Posted by Larry Doyle on March 27, 2013 6:17 AM |

Here we go again.

With the investigation of the greatest financial fraud ever perpetrated on Wall Street — that being the manipulation of Libor — still in the early stages, news emanating from Europe this morning redirects the shadow from that organized activity into the dark and dank world of credit derivatives, aka CDS.

Recall that cornerstone principles of an industry that operates as an oligopoly are: 
1. price controls and periodic bouts of outright collusion
2. a sharing of information among partners within the oligopoly
3. imperfect information for those operating outside the oligopoly
4. enormous barriers to entry for others looking to operate within the sphere of business transacted
5. outsized profits for those within the oligopoly

Well, in what reads as a classic textbook example of just such a situation, let’s navigate as the WSJ reports, European Regulators to Charge Big Banks,

European antitrust authorities are moving soon to bring a case against some of the world’s largest banks alleging collusion in the $27 trillion dollar market for credit derivatives, people familiar with the investigation said.

The probe by the European Commission involves 16 financial groups. It focuses on whether they sought to stifle competition from exchanges in the market for credit-default swaps, which pay out when a country or a company defaults on its debts.

If the European regulators press ahead with their administrative case and win, some or all of the banks could face fines.

There we go again. With no meaningful penalties but merely the assessment of “cost of doing business” fines, collusive behaviors will never end.

The European Commission, the European Union’s executive arm, said in 2011 it was investigating whether there was a coordinated effort among banks to prevent exchanges from getting a piece of the CDS market.

Unlike other financial instruments, these are traded privately between two investment banks, away from regulated exchanges where prices are displayed—meaning that customers aren’t able to see whether they are getting the best prices.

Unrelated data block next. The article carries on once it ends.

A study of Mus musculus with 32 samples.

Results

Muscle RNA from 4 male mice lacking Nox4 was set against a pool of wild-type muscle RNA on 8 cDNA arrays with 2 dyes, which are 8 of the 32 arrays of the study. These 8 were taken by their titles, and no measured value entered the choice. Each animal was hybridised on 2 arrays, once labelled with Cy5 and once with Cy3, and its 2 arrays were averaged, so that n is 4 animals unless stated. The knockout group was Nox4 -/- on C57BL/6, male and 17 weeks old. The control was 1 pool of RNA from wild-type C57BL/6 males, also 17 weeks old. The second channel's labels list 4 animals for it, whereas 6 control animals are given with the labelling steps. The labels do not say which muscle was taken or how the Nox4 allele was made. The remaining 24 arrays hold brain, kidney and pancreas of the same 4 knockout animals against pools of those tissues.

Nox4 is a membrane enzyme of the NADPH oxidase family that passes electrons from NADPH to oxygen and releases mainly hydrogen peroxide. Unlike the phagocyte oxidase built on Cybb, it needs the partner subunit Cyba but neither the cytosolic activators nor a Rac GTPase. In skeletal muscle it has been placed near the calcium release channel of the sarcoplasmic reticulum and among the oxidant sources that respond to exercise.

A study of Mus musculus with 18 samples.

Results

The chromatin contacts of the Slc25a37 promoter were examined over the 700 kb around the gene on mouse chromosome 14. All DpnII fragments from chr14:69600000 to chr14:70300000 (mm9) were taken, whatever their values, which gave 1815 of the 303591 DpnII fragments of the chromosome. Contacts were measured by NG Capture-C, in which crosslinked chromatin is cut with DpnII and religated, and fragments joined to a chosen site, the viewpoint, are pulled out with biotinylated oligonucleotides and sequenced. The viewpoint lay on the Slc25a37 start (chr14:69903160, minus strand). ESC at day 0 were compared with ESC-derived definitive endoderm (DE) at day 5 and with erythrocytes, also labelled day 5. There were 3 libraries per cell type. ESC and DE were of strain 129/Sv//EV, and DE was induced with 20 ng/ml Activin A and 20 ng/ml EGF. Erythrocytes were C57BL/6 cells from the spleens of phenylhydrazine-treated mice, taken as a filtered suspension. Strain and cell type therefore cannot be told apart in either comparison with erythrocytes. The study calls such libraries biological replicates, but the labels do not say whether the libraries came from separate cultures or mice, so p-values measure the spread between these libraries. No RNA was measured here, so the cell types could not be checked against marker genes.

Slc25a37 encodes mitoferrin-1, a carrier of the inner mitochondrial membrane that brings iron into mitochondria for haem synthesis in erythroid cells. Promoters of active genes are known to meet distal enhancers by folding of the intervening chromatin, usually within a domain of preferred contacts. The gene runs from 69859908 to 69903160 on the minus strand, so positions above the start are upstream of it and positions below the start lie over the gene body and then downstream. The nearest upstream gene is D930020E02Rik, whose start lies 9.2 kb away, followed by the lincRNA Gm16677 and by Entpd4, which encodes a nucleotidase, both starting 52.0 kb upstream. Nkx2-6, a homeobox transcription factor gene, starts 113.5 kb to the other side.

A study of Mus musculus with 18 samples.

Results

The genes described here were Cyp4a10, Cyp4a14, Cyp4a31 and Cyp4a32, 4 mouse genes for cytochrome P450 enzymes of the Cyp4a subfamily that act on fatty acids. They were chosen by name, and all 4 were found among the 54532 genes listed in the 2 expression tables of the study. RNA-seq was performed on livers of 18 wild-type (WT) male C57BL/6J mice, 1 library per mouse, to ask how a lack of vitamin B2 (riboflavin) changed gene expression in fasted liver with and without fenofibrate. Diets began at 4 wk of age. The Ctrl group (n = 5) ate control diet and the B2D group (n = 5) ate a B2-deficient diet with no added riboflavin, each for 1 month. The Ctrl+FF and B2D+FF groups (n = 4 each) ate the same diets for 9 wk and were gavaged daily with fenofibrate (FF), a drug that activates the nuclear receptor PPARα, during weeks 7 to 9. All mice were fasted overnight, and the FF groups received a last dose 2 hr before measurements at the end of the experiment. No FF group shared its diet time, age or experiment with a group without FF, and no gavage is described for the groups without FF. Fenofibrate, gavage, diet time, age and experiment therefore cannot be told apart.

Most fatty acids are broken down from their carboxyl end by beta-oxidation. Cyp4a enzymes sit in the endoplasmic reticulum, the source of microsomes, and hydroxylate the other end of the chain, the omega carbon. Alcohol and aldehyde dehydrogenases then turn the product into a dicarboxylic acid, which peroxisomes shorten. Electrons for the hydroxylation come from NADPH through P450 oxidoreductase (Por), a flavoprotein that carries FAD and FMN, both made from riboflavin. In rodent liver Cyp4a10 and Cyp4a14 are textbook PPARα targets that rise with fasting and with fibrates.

Can you say, “enormous barriers to entry”, “imperfect information”, and “outsized profits?”

The U.S. Dodd-Frank law and new EU legislation both called for derivatives, with some exceptions, to be traded on exchanges.

This component of Dodd-Frank is a long way from being enacted and aggressively being attacked by Wall Street with support from friends in Washington.

A reshaping of credit-derivatives markets, and a move to open futures exchanges, poses a threat to profits dealers have long made in that market by dominating it. Profits for financial institutions that act as the intermediaries could shrink because of a smaller spread between bid and ask prices.

European regulators in April 2011 began looking into whether a number of investment banks had used Markit Group, the leading provider of financial information in the CDS market, to block the development of certain CDS trading platforms.

Certainly plenty of smoke around this campfire.

The real question that needs to be addressed is whether there was a web of collusion and manipulating of markets by the derivatives dealers within the CDS space in the same fashion as occurred with Libor.

What do you think the chances are of that?

Navigate accordingly.

Related Commentary
Can We ‘TRACE’ JP Morgan’s Business?; July 2009

Larry Doyle

Isn’t  it time or overtime to subscribe to all my work via e-mail, an RSS feed, on Twitter or Facebook.

I have no business interest with any entity referenced in this commentary. The opinions expressed are my own. I am a proponent of real transparency within our markets so that investor confidence and investor protection can be achieved.